Wednesday, January 18, 2017

Closest neighbor one-on-one

In my last post, I wrote about playing Denise Gaskins' closest neighbor fraction game with our 4th grade class. Yesterday, I spent time with J2 and used the game as a semi-cooperative puzzle.

This activity worked really well and the experience gave me some additional ideas about how to use the core ideas again with the 4th grade class.

Puzzle or game?
First, there were only two of us, one a kid and another an adult, so that background naturally makes the activity very different. As the key modification for play, we played all of our hands open and helped each other find the fraction in each of our hands that was closest to the target for that round. Then, we worked together to determine which of those two "champions" was closest overall.

Some of the consequences:
  • the activity was not really competitive (see below)
  • J2 had to do a lot more fraction work.
Let me explain the second point here. Because we were looking for the best play, J2 had to consider all of the combinations in his hand (20 choices). Some of those can be rejected quickly with simple analytical strategies depending on the target. Even this is good number sense thinking. Also, some combinations are close competitors and need to be analyzed more carefully.

If we were playing with closed hands, he could choose two cards, play a fraction based on them, and I wouldn't be able to say anything about whether those were his best options or not.

Second, while I write that "we worked together," as a sneaky dad, that means that I pretended to do work, while actually getting J2 to analyze my hand as well as his. Really, the only thing I offered was an alternative comparison strategy, once he had already worked through his own approach.

An example of some strategies
We found that some of the comparisons that arise naturally in this game are quite tricky, even for me. For example, quickly tell me which is closer to 1/3: 1/5 or 4/9?

We found that placing the fractions on a number line was a really helpful strategy for many of the comparisons. We also made very heavy use of the two strategies involving common numerators or common denominators.

Finally, you can see in this example that J2 is comfortable mixing decimals and fractions, for example converting to 1/2 to 3.5/7 to aid some comparison:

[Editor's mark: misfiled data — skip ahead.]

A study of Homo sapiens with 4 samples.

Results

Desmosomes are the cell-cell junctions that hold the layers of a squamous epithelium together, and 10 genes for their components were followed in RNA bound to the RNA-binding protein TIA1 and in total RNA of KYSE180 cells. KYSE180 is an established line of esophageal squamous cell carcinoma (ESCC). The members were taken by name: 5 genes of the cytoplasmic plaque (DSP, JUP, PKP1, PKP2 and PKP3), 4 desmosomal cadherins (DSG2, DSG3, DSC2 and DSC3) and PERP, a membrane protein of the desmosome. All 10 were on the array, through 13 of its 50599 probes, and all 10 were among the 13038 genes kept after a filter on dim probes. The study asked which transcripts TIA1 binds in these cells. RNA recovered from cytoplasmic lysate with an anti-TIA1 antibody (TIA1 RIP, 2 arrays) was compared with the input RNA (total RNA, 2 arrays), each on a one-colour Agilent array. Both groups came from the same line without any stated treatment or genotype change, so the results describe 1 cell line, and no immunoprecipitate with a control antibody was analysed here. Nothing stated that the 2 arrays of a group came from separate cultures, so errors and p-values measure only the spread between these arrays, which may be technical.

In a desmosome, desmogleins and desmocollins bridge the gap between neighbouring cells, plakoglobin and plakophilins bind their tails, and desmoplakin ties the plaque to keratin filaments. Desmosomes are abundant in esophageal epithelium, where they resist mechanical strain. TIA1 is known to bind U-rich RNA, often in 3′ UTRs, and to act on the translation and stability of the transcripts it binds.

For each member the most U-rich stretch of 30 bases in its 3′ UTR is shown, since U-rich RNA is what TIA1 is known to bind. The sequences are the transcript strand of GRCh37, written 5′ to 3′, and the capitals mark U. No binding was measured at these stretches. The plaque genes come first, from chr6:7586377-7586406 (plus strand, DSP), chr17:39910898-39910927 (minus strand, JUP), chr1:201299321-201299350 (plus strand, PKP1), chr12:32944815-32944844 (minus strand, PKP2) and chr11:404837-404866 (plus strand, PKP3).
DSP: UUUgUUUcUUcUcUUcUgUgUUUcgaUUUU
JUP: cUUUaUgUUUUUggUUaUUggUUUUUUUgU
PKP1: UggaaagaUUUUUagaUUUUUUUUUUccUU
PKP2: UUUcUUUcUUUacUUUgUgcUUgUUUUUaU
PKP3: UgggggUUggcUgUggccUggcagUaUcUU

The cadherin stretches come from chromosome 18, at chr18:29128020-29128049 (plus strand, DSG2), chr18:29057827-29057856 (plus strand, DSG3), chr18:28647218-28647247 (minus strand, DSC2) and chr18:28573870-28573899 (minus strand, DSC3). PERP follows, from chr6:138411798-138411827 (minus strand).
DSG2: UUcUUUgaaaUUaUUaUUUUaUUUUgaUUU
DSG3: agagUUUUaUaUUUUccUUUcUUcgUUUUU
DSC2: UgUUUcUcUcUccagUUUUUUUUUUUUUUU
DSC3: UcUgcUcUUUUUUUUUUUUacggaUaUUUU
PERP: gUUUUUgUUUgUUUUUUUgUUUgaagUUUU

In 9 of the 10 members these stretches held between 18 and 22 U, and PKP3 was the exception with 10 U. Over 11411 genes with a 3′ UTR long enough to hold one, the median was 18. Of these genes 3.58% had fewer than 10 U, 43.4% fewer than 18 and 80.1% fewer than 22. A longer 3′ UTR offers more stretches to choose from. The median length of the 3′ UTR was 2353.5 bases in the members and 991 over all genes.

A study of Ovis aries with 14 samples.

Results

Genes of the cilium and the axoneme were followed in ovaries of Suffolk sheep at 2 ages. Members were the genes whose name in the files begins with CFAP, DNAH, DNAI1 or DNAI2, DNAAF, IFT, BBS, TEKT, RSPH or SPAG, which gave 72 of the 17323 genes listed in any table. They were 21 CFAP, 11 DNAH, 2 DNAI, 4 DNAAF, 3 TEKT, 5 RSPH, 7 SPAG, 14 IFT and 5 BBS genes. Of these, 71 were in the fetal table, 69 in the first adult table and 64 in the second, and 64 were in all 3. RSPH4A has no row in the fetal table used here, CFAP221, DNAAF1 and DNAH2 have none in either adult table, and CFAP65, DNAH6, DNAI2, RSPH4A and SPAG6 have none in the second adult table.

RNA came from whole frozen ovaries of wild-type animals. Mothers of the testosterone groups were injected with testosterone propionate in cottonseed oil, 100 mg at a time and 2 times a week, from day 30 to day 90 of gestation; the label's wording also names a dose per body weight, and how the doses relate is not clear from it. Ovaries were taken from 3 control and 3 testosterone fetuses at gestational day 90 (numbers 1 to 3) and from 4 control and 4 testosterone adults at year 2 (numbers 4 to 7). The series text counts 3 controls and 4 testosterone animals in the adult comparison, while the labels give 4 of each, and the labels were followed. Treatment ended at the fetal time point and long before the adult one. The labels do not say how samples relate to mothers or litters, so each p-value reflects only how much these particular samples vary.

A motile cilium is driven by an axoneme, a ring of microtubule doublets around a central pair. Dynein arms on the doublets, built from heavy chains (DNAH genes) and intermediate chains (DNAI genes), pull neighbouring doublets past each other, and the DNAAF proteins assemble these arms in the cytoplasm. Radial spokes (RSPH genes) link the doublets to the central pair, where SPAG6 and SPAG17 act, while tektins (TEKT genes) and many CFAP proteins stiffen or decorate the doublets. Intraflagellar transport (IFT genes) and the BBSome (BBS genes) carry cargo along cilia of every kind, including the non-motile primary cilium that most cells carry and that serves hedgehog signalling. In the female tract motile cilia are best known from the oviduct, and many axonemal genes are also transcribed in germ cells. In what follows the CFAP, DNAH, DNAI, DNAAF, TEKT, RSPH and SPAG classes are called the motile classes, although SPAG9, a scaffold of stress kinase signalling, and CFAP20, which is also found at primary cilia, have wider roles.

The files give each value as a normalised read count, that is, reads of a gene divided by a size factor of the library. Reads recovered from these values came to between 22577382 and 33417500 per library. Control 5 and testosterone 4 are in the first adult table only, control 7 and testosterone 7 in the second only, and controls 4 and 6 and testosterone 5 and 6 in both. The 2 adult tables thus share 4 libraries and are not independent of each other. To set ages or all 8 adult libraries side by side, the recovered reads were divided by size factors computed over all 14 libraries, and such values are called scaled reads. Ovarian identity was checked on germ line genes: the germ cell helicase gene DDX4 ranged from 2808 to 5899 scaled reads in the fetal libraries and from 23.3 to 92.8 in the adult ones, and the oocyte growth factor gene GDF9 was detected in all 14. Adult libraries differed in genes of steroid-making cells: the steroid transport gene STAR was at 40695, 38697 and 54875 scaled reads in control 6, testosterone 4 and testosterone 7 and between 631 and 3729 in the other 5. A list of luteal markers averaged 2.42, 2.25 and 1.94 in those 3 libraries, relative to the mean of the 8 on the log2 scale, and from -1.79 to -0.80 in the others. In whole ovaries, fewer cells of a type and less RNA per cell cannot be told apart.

Our grid
Through our play, we filled out this grid, taking turns putting in our best results and congratulating each other when our hand was the ultimate champion for that round:

Competition and Strategic thinking
I was particularly pleased by one comment J2 made about this overall game: "this is mostly luck, how well we can play depends on the cards we get." This comment came after one round where he had several duplicate cards in his hand, reducing the number of distinct values he could play. We've discussed elsewhere my goals of helping the kids think about game structure, so I always love it when they bring those ideas up themselves.

Some thoughts about competition. While we played this game non-competitively, I'm not opposed to competition nor do I think that this game always needs to be played non-competitively. Ultimately, my litmus test is how to play in a way that is the most fun. If I were a more serious educator, I suppose I would also consider which way is the most educational, too.

It won't always be obvious what is the best way to play each game. In this case, I got to benefit from the prior experience with the class and my close knowledge of J2. Many times, I'll tell the kids that there are several ways to play and we'll try them out together, then review the experience.

Among other things, this is why I love handicap games like Go. By adjusting the starting advantages, we can create scenarios where it is very competitive and very fun, even though the players have very different levels of experience and current strength in the game. And also, there are things we can do together when we want a non-competitive activity.

Ideas for going back to class
From this time with J2, here are my ideas about taking the game back to the 4th grade class are:
  1. Spend a lot of time on fraction comparison strategies before we play
  2. Reduce the number of cards dealt to each player
  3. play as teams
  4. convert to open hands with a lot of talk about why we chose particular plays

An actual puzzle

As a reward for reading down this far, here's an actual puzzle related to the closest neighbors fraction game:

During the round where the target is 1/2, Jay plays 6/6 = 1. Was that her best play? How do we know?